ACORD Founder, Visionary
It takes a lot of dedication to pull this industry in a standard direction, and Bill Smith had a big role in doing that. In the early days of insurance automation, proprietary systems were built without thought for how they would communicate with each other. Once carriers and agents started passing business electronically, the need for common data definitions and messaging standards became clear.
ACORD began in 1970 as an initiative of several insurance trade associations and was focused on standardizing paper forms. This evolved into defining data architecture and the way systems send messages to each other.
Bill Smith, who died at 89 early this year, grew up in Philadelphia and moved to California when his first job with Transamerica took him westward. He later joined Fireman’s Fund to implement its first information processing system, eventually becoming CIO. There he recognized the need for a standard agent and broker interface. He established committees and conducted studies, which resulted in what is now ACORD. The industry recognized his initiative when he became ACORD’s first volunteer executive director.
Bill revolutionized our ability to communicate in this industry, making it more efficient for everyone willing to take part.
Software as a Service (SaaS)
The interior technology landscape of agencies is undergoing a fundamental change. No longer tied to specific hardware, agencies are able to enjoy greater availability and flexibility in systems without the capital expense. Cloud services allow agencies to buy servers, desktops and specific software in a subscription model. With sufficient bandwidth, it’s possible to run an entire agency’s computer systems without creating a back room full of computer hardware. Less hardware means less expense, fewer support personnel and smaller headaches. If you’re careful and thoughtful and do it right, you can change your agency from the inside out. The cloud revolutionized business offices because it got them out of the hardware business.
NSA Leaker or Government Traitor
Regardless of your feelings surrounding the leak of NSA files and program details, Edward Snowden has changed our view of what data can be collected, and is being collected, on everything from business and personal phone calls to online browsing habits. Before the NSA files were released, we all suspected the government had some level of access to our digital lives, but we never could have imagined the depth and scope of the exposure. From our personal lives to our businesses, our data is subject to government snooping—and it’s not just a simple case of hacking.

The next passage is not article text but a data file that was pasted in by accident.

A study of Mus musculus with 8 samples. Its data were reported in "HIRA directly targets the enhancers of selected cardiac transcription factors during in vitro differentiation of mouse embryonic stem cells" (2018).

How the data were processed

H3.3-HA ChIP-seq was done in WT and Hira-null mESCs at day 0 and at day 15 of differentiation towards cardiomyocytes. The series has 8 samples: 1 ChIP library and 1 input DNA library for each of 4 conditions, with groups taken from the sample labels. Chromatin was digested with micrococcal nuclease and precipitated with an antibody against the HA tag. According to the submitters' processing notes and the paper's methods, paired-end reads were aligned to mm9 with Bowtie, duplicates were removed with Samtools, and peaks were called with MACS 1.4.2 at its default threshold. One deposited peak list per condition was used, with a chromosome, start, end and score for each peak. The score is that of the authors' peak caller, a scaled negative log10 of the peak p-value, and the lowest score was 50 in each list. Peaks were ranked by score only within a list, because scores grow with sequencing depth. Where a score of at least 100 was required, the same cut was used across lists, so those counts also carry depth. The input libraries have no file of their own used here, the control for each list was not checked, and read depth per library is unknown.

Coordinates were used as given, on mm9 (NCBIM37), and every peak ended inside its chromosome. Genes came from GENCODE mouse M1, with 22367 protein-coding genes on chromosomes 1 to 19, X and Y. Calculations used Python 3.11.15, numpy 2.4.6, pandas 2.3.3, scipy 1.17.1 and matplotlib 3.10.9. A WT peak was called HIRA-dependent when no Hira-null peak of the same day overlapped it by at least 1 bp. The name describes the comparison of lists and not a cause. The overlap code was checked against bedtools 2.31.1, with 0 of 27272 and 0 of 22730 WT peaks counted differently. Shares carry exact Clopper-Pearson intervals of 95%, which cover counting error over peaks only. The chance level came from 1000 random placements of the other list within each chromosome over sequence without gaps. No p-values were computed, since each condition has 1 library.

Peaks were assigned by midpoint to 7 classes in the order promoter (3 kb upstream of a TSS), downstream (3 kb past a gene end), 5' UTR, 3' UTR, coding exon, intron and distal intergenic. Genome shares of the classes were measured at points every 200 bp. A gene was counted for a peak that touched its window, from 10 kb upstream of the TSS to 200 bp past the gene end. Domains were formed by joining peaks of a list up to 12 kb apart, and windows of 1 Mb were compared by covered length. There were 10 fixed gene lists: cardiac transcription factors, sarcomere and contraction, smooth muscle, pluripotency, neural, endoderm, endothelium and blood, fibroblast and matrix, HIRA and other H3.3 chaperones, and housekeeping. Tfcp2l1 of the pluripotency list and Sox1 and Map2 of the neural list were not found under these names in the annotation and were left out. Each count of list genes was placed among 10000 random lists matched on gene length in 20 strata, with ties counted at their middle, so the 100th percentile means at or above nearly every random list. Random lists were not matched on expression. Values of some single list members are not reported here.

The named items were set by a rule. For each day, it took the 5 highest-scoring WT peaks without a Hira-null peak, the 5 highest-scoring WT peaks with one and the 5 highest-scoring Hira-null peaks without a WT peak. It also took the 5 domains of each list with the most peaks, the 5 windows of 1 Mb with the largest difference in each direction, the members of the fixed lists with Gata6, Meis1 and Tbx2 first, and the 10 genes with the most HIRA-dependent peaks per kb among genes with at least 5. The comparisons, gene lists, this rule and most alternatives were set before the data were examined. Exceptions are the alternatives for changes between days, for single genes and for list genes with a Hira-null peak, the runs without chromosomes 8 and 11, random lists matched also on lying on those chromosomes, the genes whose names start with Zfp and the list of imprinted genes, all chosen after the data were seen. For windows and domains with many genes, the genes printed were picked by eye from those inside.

The government has compelled tech companies to turn over data and forbidden the companies to reveal their government cooperation to their unsuspecting clients. From policy changes to a general feeling of unease around publishing our social activities, the exposure of the NSA’s activities is taking its toll on the digital landscape. Hero or traitor, Edward Snowden opened our eyes to our rapidly expanding loss of privacy, and the insurance industry is just now coming to grips with its risk implications.
Big Brother has finally arrived.
While it’s unclear whether the hacker known as Ree4 is Rinat Shibaev or Sergey Tarasov (or both), it’s clear they exposed the financial information of more than 100 million individuals beginning with last year’s Target Stores data breach and spreading across multiple large retailers. The tools they created attacked retail systems across the United States, exposing the personal and financial data of hundreds of thousands of unsuspecting customers. The end result rippled through financial institutions as credit and debit cards were reissued around the world.
Ree4 sold the data on the black market exposing a wholesale-retail crime model all based on data. Ree4’s criminal act revolutionized our understanding of our vulnerability. It’s time to rethink our ideas of trust in retail transactions.
Surreptitiously taking ownership of your data.